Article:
Oskanian: Politically, Georgia is another 10 steps ahead of us

Photolure
Photolure

Armenia’s former Minister of Foreign Affairs, Prosperous Armenia Party (PAP) MP Vartan Oskanian made a remarkable entry on his Facebook account after the parliamentary majority voted to strip him of his parliamentary immunity and allow his prosecution on embezzlement charges.

Oskanian noted that the ruling party lacked the courage to allow a parliament that would be a counterweight to the executive branch during the May parliamentary elections.

This kind of situation is now a reality in neighboring Georgia where people went to the polls on Sunday to favor the Georgian Dream opposition bloc as the next dominant force in the next legislature, preferring it over the ruling party of President Mikheil Saakashvili. Despite it being a surprise to the current head of state, Saakashvili did not wait for the formal announcement of the election outcome, acknowledging Georgian Dream’s victory and declaring that he is becoming an opposition.

“In fact, there is a political counterbalance in Georgia – the president is from one party, the legislature and the government will soon be in the hands of another party. Thus, in political terms, Georgia has moved another 10 steps ahead of us,” wrote Oskanian, stressing that his main criticism of the government during the recent election campaign regarded the “political monopoly” in Armenia, something that may have lead to the “monopolist” power stripping him of his parliamentary immunity on Tuesday.

The problem of the political structure of Armenia and Georgia is a key to the future of these South Caucasus countries. Often it is rightly linked with the foreign policy orientation of these states, but in fact, the foreign policy is derivative from the internal structure, from who and how decisions are made and what part of the society participates in decision-making and what mechanisms exist for electing decision-makers.

In this sense, Georgia has proved that decisions are made by the majority, but the minority, too, is entitled to influence decisions.

By depriving Oskanian of his parliamentary immunity, Armenia has proved the opposite. It has proved that the country has a strong monolithic power through which the President can have any decision passed through the parliament.

Four out of six factions in the Armenian National Assembly, namely the PAP, ARF Dashnaktsutyun, the Armenian National Congress (ANC) and Heritage, opted out of Tuesday’s vote on Oskanian’s status. They sought to scuttle the vote by influencing the quorum, but the ruling Republican Party of Armenia, which alone holds more than half of the seats in the 131-member body, and its coalition partner, Orinats Yerkir, once again proved that they can make decisions without considering the opinion of the other 40 percent of lawmakers. And it became apparent that the majority will make decisions on major foreign policy issues.

Oskanian says that during the parliamentary election campaign insisted on the PAP’s becoming a political counterbalance to the presidential power. The Armenian National Congress (ANC), too, had the slogan of “breaking the monolith of power”. That was exactly what ANC leader Levon Ter-Petrosyan used to explain his intention to cooperate with PAP – an attempt to break the unity of the authorities.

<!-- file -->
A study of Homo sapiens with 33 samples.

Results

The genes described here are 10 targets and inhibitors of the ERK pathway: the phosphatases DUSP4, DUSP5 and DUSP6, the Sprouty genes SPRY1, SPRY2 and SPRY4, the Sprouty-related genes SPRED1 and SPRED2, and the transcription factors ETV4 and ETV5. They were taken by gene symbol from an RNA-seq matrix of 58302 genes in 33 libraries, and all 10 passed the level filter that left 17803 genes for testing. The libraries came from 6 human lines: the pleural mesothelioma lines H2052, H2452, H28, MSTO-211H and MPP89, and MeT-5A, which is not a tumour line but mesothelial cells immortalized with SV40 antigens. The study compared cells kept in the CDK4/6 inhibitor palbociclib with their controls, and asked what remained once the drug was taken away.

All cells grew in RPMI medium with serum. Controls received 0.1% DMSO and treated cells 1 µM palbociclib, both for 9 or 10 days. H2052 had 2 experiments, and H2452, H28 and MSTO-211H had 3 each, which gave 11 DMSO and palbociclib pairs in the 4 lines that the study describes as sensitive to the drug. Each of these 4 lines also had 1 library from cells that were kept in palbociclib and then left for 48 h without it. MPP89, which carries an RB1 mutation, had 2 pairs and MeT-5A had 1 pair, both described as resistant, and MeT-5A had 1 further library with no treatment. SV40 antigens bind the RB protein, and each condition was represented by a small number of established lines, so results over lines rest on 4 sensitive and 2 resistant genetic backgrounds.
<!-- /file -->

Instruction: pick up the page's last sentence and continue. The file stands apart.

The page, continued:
Such a system has long been in place in many Western countries, where two or three major parties, one after another, appear in the executive and legislative branches, restraining each other and stimulating good decision-making. In former Soviet countries, where for decades a one-party system was in place, the process of developing the culture of transferring power after elections and joining the opposition is a difficult one.

Experts argue that the foreign spin doctors who are said to have created a two-party system of counterbalances in Georgia may try to do the same in Armenia during the upcoming presidential elections. It is not known who will be the candidate to challenge the majority of President Serzh Sargsyan. But all indications lead to the second president of Armenia, Robert Kocharyan, or one of his charismatic supporters, Oskanian.

The Office of the second president promised to make a statement about the developments around Oskanian, and many expect that Kocharyan may declare his intention to run for president again. After becoming a defendant in a criminal case Oskanian is unlikely to be able to become a candidate in the presidential election. And now Sargsyan will have to find legal grounds to prevent the nomination of Kocharyan.

Meanwhile, the United States has, in fact, warned Armenian authorities against “foul play” through a statement released by its embassy in Yerevan in connection with the parliamentary decision to strip Oskanian of his parliamentary security.

“We have been following the legal case against former Foreign Minister Oskanian carefully and are very concerned by recent developments,” the U.S. Embassy in Yerevan said on Tuesday. “We hope that this case does not represent a politically motivated and selective enforcement of Armenian law, as this would detract from efforts to promote greater transparency and reform in the legal, justice and legislative sectors in Armenia.”